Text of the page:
Texas Standard For April 13, 2021

Growing concerns among Texas education experts over how to measure the impact of the pandemic on learning – big questions over what standardized testing tells us about education during the pandemic and just how much may be missing from the data. And: What will college campuses in Texas look like in the fall? We’ll hear about the picture coming into focus. Also: Planning a move to someplace less crowded? If it’s in Texas, you may want to double check the laws for landowners first. Plus: The undiscovered musician joining the ranks of Willie Nelson and Stevie Ray Vaughan. Those stories and more today on the Texas Standard:

By Texas StandardApril 13, 2021 9:36 am

Fallout From STAAR Testing

The administration of this year’s STAAR tests hasn’t been the smoothest. Talia Richman, reporter for the Dallas Morning News’ Education Lab, talks to the Standard about the problems educators and students are encountering.

What College Campuses Could Look Like Next Fall

What will college campuses look like in the fall if COVID-19 cases and hospitalizations remain low in Texas and vaccination rates continue to rise? The presidents of Texas State University in San Marcos and Texas A&M University in College Station both have said they anticipate students returning to classes in the fall. And private universities have said they will require students to be fully vaccinated against COVID-19. Alex Kafka, senior editor for The Chronicle of Higher Education, talks to the Standard.

Life In Federal Lockup During The Pandemic

In Texas, more than 7,000 in federal detention have fallen ill from COVID-19. They’re among the tens of thousands who have contracted the virus nationwide. Houston Public Media’s Paul DeBenedetto spoke with one man incarcerated outside of Austin, to learn more about what it’s been like inside federal lockup during a pandemic.

Voices Of North Texas Asian American Journalists

Last month’s killings in Atlanta left eight people dead, including six women of Asian descent. For Asian American journalists in North Texas, covering this attack and others targeting Asians means having to re-experience these stories of hate over and over again. KERA’s Elizabeth Myong checks in with three other North Texas journalists: NBC 5’s Alanna Quillen, WFAA TV’s Tiffany Liou and The Dallas Morning News’ Tom Huang.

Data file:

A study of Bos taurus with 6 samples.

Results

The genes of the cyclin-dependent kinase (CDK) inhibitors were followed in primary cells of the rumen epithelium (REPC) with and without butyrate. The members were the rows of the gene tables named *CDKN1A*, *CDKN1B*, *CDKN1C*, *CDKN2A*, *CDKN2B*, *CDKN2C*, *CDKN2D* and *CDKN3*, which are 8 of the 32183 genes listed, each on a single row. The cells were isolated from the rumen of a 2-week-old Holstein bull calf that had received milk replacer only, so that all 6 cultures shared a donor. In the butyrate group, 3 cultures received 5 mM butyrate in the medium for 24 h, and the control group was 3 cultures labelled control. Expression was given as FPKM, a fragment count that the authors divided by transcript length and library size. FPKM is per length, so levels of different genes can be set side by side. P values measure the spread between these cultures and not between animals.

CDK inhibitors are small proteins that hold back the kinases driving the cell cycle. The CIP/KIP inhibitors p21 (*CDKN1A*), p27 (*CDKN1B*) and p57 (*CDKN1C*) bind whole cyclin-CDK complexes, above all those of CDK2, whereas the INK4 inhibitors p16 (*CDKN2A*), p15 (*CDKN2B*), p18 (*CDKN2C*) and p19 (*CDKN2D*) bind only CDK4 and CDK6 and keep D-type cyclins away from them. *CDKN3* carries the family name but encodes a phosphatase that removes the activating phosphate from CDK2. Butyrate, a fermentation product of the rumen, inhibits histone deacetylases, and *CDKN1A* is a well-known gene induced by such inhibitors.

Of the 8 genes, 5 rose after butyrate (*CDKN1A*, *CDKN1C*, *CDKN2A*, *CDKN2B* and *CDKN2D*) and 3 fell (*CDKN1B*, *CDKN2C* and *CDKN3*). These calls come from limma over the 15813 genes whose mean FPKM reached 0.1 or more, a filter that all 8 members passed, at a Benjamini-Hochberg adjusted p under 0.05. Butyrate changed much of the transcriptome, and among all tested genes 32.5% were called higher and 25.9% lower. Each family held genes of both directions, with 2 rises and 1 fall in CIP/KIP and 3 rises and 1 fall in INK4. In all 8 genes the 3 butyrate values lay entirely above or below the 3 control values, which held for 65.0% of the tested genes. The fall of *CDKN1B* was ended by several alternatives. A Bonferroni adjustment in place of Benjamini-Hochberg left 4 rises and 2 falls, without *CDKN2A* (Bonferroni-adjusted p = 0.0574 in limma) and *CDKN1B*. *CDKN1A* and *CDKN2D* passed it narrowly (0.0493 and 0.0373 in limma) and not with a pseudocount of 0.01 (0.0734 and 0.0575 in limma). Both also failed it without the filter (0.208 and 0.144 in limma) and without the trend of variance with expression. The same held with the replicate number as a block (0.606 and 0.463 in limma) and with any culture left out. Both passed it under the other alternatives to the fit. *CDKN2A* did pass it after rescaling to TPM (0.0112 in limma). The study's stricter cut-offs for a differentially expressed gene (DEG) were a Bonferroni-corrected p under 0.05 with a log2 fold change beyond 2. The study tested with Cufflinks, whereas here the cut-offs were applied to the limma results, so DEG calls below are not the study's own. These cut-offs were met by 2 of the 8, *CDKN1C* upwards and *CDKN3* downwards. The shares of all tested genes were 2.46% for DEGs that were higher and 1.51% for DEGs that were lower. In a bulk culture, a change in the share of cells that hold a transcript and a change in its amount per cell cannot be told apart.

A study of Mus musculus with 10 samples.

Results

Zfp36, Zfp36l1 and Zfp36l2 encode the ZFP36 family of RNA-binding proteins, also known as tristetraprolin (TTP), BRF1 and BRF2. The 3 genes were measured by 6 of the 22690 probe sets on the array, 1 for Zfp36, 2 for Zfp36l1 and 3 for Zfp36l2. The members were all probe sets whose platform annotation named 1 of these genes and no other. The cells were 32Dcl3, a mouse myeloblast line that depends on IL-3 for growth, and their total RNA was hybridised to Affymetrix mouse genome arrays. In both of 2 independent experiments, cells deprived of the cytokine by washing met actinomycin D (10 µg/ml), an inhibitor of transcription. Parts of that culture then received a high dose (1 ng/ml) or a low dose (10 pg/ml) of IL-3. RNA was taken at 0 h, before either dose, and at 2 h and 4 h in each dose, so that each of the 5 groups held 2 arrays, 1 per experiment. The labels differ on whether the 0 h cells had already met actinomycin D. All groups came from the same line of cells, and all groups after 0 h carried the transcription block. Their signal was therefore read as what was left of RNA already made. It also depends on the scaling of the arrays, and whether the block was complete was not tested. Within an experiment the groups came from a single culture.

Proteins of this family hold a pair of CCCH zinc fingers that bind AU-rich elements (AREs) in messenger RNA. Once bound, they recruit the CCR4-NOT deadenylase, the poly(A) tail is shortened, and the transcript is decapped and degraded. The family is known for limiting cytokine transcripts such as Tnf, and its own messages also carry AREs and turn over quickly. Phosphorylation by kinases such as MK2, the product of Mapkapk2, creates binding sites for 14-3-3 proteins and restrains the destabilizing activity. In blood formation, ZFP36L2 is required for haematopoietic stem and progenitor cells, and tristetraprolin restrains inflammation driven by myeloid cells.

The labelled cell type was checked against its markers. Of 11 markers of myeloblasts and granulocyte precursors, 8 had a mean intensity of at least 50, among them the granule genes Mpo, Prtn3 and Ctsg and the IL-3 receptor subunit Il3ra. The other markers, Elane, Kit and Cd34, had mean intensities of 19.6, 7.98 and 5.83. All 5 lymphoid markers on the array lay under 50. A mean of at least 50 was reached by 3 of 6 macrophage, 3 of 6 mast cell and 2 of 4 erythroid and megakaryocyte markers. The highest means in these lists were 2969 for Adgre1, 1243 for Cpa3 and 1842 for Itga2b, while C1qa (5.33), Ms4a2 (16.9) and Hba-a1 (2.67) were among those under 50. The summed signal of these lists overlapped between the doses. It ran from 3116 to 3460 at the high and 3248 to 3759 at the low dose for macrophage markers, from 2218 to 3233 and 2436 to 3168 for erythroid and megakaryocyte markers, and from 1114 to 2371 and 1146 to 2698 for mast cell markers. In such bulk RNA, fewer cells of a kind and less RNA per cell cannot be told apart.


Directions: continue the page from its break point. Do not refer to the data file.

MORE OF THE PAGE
Austin Elementary School Students Reading Together Again

The coronavirus pandemic has changed lots of things about our daily life. KUT’s Claire McInerny reports on a group of librarians in Austin ISD who have created a new experience for students to get them out of the classroom to learn.

Migrant Teens Sheltered At San Antonio’s Freeman Coliseum

Texas Republicans and Gov. Greg Abbott blame President Joe Biden’s immigration policies for the rise in teens and families arriving at the U.S.-Mexico border in the last few months. In his latest campaign against Biden last week, Gov. Abbott raised concerns about the conditions migrant children face in the federal emergency shelters. Texas Public Radio’s Maria Mendez profiles two teenage migrants who have a different perspective.

An Update To The ‘Don’t Mess With Texas’ Jingle

What do Willie Nelson, George Strait and Courtney Eoff have in common? All three have sung the theme for Texas’ anti-litter campaign: “Don’t Mess With Texas.” But Eoff is still a student, not a professional musician. In her song, the slogan actually becomes “Don’t M-E Double S With Texas.” Eoff talks to the Standard about her award-winning song.

Three Texas Laws Rural Landowners Need To Know 

More and more people are buying rural land in Texas during the pandemic. Sales have actually grown by almost 30 percent in the last year. But all of those new land owners may be in for a surprise if they don’t know Texas law. The Standard talks to Tiffany Lashmet, an attorney and agricultural law specialist for Texas A&M University’s AgriLife Extension Service and host of the “Ag Law in the Field” podcast.

All this and Texas News Roundup, plus Social Media Editor Wells Dunbar with the Talk of Texas.